Filed under: Environment, Freedom, National Security | Tags: Border Patrol, Department of the Interior, Homeland Security
On March 27, Arizona rancher Robert Krentz was murdered by an unknown gunman who entered and exited the U.S. illegally in an area where border agents are widely prohibited from using motorized vehicles, constructing roads or installing surveillance structures.
Four Republican congressmen introduced legislation on Wednesday that bans the Interior Department from using environmental regulation to forestall Border Patrol access. The congressmen say that their bill will address environmental degradation of federal lands and help to close national security gaps along the border.
Securing the borders against illegal entry is a matter of national security, and the illegals who cross the border do considerable damage to the environment as has been shown on videos of the area. Internal documents show that the Interior Department and the U.S. Forest Service have actively prevented Border Patrol agents from securing U.S. borders by requiring Department of Homeland Security officials to complete lengthy environmental analyses, and even blocking agents from entering some areas.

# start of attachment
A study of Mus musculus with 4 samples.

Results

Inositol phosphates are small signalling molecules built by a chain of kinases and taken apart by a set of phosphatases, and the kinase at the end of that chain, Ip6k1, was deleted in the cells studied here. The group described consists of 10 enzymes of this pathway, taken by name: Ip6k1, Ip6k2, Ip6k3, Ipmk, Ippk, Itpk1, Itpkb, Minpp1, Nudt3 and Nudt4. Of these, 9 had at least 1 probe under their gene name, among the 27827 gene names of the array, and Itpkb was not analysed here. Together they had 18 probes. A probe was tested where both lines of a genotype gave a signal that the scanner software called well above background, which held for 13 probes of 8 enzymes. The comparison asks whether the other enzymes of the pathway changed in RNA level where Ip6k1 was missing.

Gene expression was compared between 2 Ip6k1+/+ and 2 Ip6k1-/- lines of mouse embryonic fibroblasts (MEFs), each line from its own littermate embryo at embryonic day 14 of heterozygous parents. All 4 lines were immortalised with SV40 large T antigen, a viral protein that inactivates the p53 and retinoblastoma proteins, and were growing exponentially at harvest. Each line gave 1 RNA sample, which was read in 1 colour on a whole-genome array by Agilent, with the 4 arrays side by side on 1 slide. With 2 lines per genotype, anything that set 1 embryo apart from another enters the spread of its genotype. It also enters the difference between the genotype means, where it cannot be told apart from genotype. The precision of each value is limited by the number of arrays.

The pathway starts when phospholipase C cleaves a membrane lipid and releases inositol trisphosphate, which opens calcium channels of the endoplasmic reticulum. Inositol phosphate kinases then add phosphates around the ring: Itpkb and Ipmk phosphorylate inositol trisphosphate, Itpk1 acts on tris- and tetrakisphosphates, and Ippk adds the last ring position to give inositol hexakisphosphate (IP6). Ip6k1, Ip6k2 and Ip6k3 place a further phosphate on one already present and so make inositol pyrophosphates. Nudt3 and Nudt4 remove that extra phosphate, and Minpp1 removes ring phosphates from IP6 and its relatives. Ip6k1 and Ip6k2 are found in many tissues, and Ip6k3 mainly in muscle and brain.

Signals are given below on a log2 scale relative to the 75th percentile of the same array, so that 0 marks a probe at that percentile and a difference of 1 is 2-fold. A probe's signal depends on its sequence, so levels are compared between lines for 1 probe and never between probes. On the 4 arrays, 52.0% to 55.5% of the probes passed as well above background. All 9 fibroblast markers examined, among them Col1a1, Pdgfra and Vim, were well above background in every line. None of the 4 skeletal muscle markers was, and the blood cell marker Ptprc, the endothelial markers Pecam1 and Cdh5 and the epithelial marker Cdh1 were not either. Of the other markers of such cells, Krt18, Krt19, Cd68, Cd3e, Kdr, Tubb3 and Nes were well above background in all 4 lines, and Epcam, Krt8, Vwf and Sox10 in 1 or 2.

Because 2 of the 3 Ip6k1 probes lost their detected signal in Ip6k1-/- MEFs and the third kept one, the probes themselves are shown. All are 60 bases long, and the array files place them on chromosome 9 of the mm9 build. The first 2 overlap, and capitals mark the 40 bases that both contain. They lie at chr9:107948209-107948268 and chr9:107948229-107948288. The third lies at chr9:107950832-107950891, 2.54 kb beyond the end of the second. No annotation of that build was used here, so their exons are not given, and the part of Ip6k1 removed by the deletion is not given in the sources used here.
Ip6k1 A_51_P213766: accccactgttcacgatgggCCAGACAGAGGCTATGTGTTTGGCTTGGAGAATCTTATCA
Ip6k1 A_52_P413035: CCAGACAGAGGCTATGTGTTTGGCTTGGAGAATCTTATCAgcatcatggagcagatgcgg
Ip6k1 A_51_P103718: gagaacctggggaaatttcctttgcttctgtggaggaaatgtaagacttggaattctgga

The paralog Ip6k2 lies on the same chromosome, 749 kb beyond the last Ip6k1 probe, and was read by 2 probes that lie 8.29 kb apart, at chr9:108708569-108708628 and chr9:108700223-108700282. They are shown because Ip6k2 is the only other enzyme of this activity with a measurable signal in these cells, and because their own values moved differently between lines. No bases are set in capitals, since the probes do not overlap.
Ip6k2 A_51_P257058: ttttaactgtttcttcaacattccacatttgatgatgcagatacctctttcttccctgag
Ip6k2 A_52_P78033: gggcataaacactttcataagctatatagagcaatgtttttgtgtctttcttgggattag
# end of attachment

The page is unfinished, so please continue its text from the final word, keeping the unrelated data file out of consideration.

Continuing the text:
And DHS has paid the Department of the Interior more than $9 million since 2007 to “mitigate the environmental damage” of protecting the border. That would be the areas where the Border Patrol is restricted from using motorized vehicles, building roads or installing surveillance. A 2009 memorandum of agreement agrees that DHS will pay DOI an additional $50 million for mitigation funds, but DOI officials have not revealed how those funds will be used.
This is typical of Big Government. Congress has passed their regulatory tasks off to governmental agencies, and the right hand seldom knows what the left hand is doing. Not that Congress does a good job of regulation, but at least there is some oversight, and they are responsible ultimately to the voters. But government money is easily shuffled around. If we could track the useless and unnecessary expenditures, hold a lot of official feet to the fire, perhaps tax day wouldn’t be so painful.